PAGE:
TOKYO — As televisions around the world repeatedly show images of planes crashing into buildings, frantic rescue efforts and unprecedented destruction, a common refrain is being heard: This is America's second Pearl Harbor.
Many Japanese, however, find the comparison offensive, especially coming from senior U.S. politicians and well-respected analysts.
"They've said this so often since Tuesday morning, and it really makes us feel uncomfortable," said Yukari Nakase, chief editor of Shincho 45, a popular current events magazine. "The two incidents are completely different. You wonder, don't they even consider Japan a close ally?"
Several people here said they understand that Americans are using the term to convey their profound shock and determination to unify in the face of a common threat. But the comparison still falls short, they said.
When 350 Japanese warplanes attacked U.S. Navy ships at Hawaii's Pearl Harbor on Dec. 7, 1941, killing about 2,400 people, much of the world was at war. Tensions were running high, and Tokyo and Washington were both gearing up for war, said Hidehiko Hirose, a sociology professor at Toyo University.
"This situation is very different," he said. "This is a horrendous attack on an office building known around the world as an American icon. This is truly shocking."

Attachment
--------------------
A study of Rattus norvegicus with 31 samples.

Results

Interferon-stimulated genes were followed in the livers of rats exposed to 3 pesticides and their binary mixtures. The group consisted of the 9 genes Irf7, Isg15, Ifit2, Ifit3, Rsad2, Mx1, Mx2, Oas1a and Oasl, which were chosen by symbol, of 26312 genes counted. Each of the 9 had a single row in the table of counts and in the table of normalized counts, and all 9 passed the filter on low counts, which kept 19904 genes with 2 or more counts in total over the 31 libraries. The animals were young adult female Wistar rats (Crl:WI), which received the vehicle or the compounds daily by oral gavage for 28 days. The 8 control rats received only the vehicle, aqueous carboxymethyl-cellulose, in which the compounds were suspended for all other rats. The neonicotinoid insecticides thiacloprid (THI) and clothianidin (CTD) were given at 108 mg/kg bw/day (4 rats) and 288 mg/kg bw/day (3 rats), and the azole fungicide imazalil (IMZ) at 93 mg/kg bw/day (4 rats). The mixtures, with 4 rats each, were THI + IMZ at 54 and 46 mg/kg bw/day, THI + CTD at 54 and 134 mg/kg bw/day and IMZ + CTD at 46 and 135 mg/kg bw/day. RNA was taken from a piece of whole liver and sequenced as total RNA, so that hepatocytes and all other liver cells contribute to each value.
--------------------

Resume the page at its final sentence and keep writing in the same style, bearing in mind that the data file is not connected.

Furthermore, said Keiichiro Kobori, professor of comparative culture at Meisei University, Japan was careful 60 years ago not to target civilians. "The formal declaration of war was just delayed because of an administrative snafu," he said, reflecting a view commonly held among conservatives here. "Japan's attack followed international rules. This case is the lawless hijacking of a passenger plane used to massacre civilians in peacetime."
Not everyone is offended by the comparison, however. Megumi Sasaki, a 20-year-old university student, says she hasn't really taken much note of the term. "I don't really know that much about Pearl Harbor," she added. "It happened a long time ago."
Others blamed this week's widespread use of the term on the opening earlier this year of the Disney film "Pearl Harbor."
"Maybe the film encourages people to make a quick connection between this terrorist act and the historical Pearl Harbor," said Hideo Takeichi, an international media professor at Sophia University. "But this makes Japanese feel very uncomfortable. Every time I hear it, it feels like I've got a fish bone stuck in my throat."
The Pearl Harbor film was largely inoffensive to most Japanese, particularly the younger generation, because it was so sanitized, said Takaaki Sugiura, an independent film critic. "It was hyped, and it wasn't even a great movie," he said. "This is terrible reality that makes my legs go weak every time I think of such carnage."
Added Yuri Senoue, 16, a high school student: "Americans could really misunderstand and end up with a bad feeling toward Japan."
Makiko Inoue in The Times' Tokyo Bureau contributed to this story.